Unitarian Universalism’s approach to belief is that spiritual and ethical values should fit individuals, rather than fitting everyone into the same religious mold.  We have no single religious text or creed to which you must agree.  Rather, we draw from the world’s wisdom traditions and the words and lives of women and men who have brought beauty, justice, tolerance, and freedom into being.

UUs often say that the whole world is our sacred text, including the natural world itself.  This embrace of diverse sources of wisdom means our community is replete with an exciting diversity of perspectives and belief, leaving us richer than any of us could be on our own.

We believe each person has a share of the truth and we need one another to grow whole. We welcome young and old, families and singles, all the colors and cultures of the human race–gay, lesbian, bisexual, transgender, questioning and straight. UUCB is an official UUA Welcoming Congregation.  You are welcome here!

Worship is central to the life of this community.  The Sunday service lifts us out of our daily routines and helps us live our UU principles in the week ahead. Throughout the week, members gather together in Chalice Circles to share the experience of worship and spiritual exploration in small groups.  Because it is non-creedal and draws its inspiration from many sources, Unitarian Universalism is a chosen faith for many people who identify as Buddhist, Humanist, Christian, Jewish and others.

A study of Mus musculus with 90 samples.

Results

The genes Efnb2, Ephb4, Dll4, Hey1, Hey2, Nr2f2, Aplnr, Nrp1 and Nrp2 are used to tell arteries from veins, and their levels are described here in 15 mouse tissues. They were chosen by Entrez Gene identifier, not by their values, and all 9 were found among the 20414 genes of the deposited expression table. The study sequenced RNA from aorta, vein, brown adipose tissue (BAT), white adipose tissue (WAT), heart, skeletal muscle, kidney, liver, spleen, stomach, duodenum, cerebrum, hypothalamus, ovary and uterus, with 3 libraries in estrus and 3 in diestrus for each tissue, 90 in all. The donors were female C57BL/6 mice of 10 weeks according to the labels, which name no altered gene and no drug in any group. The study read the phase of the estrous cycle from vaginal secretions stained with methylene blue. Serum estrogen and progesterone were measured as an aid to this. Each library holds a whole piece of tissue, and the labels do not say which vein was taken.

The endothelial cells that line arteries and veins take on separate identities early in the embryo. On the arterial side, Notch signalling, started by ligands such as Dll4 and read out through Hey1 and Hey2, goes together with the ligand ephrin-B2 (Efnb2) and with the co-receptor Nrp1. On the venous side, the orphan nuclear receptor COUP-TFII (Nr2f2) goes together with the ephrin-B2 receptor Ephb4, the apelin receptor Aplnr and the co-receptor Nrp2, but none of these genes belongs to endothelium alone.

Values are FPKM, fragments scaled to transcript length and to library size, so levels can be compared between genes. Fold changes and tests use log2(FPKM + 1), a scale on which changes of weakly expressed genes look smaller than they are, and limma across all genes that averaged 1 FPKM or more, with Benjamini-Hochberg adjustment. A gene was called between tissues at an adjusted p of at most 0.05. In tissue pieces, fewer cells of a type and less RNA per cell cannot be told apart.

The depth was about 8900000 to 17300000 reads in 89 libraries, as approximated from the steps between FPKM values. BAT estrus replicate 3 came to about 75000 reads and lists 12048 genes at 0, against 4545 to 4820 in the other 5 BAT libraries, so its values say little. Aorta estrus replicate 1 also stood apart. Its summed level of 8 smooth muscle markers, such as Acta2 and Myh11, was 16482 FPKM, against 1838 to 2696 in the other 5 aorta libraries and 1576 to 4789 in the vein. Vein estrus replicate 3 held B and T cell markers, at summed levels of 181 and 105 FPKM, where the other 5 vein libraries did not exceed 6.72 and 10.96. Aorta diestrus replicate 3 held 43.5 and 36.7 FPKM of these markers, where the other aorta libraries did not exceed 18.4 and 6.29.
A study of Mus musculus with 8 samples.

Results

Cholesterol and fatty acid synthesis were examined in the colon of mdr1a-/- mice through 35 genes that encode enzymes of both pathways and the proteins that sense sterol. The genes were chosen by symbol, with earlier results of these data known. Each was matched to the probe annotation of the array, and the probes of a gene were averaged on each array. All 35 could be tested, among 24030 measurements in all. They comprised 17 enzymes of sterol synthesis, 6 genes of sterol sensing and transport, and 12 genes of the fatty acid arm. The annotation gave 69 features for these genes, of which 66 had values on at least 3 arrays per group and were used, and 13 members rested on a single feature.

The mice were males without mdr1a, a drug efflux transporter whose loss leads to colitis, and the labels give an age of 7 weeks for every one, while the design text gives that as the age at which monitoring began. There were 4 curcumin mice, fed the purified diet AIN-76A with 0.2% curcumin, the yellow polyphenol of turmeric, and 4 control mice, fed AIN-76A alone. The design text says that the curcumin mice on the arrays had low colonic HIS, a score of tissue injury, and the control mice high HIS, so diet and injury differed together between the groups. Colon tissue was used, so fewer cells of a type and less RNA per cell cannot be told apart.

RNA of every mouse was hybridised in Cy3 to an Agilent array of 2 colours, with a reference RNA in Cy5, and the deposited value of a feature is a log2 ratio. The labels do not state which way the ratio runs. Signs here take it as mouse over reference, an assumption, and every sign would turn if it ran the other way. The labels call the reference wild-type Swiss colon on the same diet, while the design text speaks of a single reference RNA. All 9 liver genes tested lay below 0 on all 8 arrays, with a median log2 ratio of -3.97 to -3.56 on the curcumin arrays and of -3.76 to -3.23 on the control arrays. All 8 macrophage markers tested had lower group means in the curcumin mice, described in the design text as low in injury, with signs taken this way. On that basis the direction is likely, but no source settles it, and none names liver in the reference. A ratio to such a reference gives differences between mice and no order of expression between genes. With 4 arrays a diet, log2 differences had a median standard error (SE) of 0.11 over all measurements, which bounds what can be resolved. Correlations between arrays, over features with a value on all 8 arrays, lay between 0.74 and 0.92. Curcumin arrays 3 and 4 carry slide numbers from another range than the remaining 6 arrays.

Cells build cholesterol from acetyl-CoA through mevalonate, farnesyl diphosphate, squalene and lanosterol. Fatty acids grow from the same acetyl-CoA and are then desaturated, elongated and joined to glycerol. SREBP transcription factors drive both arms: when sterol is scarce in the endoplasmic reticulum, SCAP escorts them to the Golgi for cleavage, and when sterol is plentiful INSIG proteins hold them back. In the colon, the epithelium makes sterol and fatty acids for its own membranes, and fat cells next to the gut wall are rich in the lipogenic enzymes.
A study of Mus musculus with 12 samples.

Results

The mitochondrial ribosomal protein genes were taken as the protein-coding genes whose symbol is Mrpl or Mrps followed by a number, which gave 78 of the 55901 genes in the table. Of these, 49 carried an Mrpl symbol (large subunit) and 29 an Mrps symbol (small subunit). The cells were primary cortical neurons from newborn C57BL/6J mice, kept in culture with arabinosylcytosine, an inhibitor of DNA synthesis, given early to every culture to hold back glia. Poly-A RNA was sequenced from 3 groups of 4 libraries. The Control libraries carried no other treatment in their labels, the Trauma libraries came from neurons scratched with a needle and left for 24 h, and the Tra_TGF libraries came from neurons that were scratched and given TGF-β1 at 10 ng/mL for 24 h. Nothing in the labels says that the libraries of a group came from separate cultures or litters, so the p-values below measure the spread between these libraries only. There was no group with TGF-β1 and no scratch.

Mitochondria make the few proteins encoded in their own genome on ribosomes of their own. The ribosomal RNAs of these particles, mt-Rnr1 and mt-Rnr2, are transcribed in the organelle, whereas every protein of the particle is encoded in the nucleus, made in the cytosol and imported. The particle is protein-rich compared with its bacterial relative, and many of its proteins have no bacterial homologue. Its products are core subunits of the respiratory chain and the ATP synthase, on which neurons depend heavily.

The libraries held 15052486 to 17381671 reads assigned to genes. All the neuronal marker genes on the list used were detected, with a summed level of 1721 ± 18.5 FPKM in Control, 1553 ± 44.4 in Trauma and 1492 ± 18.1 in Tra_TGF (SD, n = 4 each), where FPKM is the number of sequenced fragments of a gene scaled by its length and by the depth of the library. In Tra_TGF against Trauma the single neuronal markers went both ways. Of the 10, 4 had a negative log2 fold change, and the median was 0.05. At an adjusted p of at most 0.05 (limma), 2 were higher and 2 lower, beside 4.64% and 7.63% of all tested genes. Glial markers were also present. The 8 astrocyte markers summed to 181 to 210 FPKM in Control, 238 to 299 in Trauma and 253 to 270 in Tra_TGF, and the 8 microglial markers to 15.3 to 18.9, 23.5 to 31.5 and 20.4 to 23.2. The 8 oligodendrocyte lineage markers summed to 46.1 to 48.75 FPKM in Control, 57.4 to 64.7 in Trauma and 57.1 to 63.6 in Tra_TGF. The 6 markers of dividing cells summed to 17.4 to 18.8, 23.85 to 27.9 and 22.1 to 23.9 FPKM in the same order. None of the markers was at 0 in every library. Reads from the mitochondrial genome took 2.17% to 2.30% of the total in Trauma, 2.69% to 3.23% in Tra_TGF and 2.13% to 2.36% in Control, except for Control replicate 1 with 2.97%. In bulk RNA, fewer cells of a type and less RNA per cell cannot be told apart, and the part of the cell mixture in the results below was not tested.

Get to know UUs in this short animated video, copyright Unitarian Universalist Association. Read a transcript here.

The Seven Principles of Unitarian Universalism

There are seven principles which Unitarian Universalist congregations affirm and promote:

  • The inherent worth and dignity of every person;
  • Justice, equity and compassion in human relations;
  • Acceptance of one another and encouragement to spiritual growth in our congregations;
  • A free and responsible search for truth and meaning;
  • The right of conscience and the use of the democratic process within our congregations and in society at large;
  • The goal of world community with peace, liberty, and justice for all;
  • Respect for the interdependent web of all existence of which we are a part.

Learn more about the history and theory of the seven principles on the site of the UUA.